Chess Duets

chess board notes chess 1 to 20 chess 20 to end

I was in the Music by Rules group and became interested in the use of computer programs and dice games to generate musical compositions. I had hoped to develop a program that would work with an animated chess game to create a duet. I do not have the time or skills necessary for that iteration, so I decided to complete the task manually. I decided that jazz would be the best type of music to write since it is heavy in improvisation. I used the notes of the Bb blues scale in setting up my chess board. I distributed the notes randomly among all squares of the board except for those in the top and bottom two rows. I wanted to have continuity between these rows of squares because every piece would start moving from those rows. I watched the “Game of the Century,” the chess game between Bobby Fischer and Donald Byrne in 1956, and recorded the moves of the chess pieces. Next, I converted the positions I denoted to the notes I had assigned the squares. I copied these notes to manuscript paper and had my friend Valerie McGraw form rifts from these notes on saxophone. Alto saxophone represents the moves of the white pieces and baritone saxophone represents the moves of the black pieces. I spliced these tracks and created a jazzy duet on REAPER. Due to the timeliness of analyzing the chess moves, I was unable to finish the chess game. I would expand on what I was able to do if I were to revisit this project. Due to my interest in musical composition, I hope to attempt more projects similar to this later on.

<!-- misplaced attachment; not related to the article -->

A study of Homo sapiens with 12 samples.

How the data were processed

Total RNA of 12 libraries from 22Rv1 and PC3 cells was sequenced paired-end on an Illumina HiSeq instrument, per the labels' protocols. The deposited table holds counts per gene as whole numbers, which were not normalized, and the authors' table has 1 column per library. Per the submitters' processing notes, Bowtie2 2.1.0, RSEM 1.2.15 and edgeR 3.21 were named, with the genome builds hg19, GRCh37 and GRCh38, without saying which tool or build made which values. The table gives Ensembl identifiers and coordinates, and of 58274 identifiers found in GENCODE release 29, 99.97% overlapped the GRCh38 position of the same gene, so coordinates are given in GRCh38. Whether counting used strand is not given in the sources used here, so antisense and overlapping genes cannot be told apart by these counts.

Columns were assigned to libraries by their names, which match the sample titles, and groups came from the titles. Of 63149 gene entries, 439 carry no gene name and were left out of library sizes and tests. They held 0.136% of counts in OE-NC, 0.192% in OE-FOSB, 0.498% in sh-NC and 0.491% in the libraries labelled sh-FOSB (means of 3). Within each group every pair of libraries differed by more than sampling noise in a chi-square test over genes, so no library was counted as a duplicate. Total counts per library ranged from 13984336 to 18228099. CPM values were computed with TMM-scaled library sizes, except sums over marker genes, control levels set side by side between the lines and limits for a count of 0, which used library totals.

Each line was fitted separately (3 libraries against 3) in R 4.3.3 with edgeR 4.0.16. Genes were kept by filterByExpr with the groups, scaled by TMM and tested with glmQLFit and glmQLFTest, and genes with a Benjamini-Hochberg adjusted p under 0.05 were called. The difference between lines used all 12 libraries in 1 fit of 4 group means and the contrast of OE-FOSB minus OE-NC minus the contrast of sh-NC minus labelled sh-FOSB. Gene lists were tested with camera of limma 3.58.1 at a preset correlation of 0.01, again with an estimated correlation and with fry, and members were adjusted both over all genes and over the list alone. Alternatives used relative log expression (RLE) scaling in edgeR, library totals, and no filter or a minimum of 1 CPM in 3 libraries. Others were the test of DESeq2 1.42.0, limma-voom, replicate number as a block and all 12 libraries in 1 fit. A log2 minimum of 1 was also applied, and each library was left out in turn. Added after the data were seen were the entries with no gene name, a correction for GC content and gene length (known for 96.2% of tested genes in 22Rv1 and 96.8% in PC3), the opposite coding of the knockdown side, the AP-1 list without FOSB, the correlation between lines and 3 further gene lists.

One thought on “Chess Duets

  1. Hi Emily,

    This was quite the undertaking! If you do plan to continue this type of project in the future, taking the time to learn some of the skills to work in Max or a similar program will be time well invested. Doing this work by hand works on a smaller scale, but with a computer’s assistance, you will open up significant possibilities in working on larger scales.

    On the other hand, you could take the approach of giving live players instructions to follow as they watch a game unfold, live, in a concert space.

    Beyond that, my biggest suggestion is to experiment with space and timbre, and to balance the purity of the idea of following the game with some artistic license, to keep things feeling somewhat spontaneous, especially within the jazz framework you have chosen! Nice work.